Schools remove analogue clocks from exam rooms as teenagers can't tell time

Helpless students complained they couldn't read the clock faces.
Helpless students complained they couldn't read the clock faces. Photo credit: File

Teenagers are now so bad at reading analogue clocks that UK schools have been forced to remove them from exam rooms.

Digital clocks are being installed instead, after helpless students complained they were unable to tell how much time they had left.

Association of School and College Leaders (ASCL) deputy general secretary Malcolm Trobe says young people are increasingly incapable of reading the clocks.

"The current generation aren't as good at reading the traditional clock face as older generations," he told the Daily Telegraph.

"They are used to seeing a digital representation of time on their phone, on their computer. Nearly everything they've got is digital so youngsters are just exposed to time being given digitally everywhere."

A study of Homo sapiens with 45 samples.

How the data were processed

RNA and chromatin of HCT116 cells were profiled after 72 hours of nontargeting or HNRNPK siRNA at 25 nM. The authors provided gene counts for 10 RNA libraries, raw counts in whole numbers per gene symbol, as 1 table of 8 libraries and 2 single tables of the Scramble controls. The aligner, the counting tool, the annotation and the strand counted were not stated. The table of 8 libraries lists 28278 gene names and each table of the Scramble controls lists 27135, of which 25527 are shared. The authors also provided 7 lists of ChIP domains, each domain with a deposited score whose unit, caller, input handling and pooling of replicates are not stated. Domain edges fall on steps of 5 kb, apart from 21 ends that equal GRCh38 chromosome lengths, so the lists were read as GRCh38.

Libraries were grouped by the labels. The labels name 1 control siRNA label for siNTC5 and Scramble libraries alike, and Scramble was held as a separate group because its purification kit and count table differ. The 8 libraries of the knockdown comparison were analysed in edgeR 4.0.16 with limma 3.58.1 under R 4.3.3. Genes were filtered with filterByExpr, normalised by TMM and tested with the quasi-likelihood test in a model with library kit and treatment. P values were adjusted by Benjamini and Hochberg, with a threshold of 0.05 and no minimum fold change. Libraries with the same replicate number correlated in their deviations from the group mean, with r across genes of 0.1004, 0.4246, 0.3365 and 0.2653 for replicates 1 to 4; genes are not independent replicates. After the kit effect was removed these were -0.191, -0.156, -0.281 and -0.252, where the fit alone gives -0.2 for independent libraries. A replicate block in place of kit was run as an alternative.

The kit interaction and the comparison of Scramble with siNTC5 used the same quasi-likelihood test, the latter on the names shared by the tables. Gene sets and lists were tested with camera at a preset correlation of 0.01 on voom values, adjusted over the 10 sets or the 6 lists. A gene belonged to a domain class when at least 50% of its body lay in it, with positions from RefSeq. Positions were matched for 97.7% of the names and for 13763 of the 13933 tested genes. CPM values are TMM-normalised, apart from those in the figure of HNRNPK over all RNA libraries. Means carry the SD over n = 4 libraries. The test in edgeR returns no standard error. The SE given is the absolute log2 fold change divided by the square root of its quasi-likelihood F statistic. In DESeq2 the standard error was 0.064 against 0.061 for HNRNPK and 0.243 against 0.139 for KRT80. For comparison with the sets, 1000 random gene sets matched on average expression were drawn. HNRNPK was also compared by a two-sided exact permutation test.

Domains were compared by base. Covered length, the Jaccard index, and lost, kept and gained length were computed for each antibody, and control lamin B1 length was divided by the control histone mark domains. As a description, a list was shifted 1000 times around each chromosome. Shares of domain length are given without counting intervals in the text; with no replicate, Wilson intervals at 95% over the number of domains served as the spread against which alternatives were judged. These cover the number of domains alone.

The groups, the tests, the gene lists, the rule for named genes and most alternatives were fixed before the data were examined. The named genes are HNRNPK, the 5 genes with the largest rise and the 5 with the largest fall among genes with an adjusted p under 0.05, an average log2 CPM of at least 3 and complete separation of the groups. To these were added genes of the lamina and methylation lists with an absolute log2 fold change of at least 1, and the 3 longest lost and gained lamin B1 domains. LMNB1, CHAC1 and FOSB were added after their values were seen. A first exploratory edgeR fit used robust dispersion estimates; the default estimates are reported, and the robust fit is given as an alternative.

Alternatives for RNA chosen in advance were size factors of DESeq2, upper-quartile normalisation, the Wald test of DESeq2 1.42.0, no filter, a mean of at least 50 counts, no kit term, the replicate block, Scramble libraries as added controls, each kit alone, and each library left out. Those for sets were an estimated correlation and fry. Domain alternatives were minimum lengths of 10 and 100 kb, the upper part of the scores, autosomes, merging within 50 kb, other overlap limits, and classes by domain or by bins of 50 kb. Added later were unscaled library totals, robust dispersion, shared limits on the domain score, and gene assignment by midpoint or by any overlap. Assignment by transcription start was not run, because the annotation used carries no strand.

And he's not the only one. Numerous other teachers say they have swapped clocks.

Meanwhile, universities are considering abolishing compulsory handwriting in exams, after complaints from exam markers that students' handwriting is unreadable. Instead, students would be allowed to type their answers using computers.

Last year, Dr Sarah Pearsall told the Daily Telegraph that some students' writing is so illegible, they were forced to return over summer to read their answers out loud.

"Handwriting is very significantly in decline. We have to accept the reality - this is the way the vast majority of students have been brought up," University of Buckingham vice-chancellor Sir Anthony Seldon said.

"Some of our finest wordsmiths in England today write using laptops, and I'm afraid that we have to fight to preserve what is really important, such as the use of great English, great sentence structure."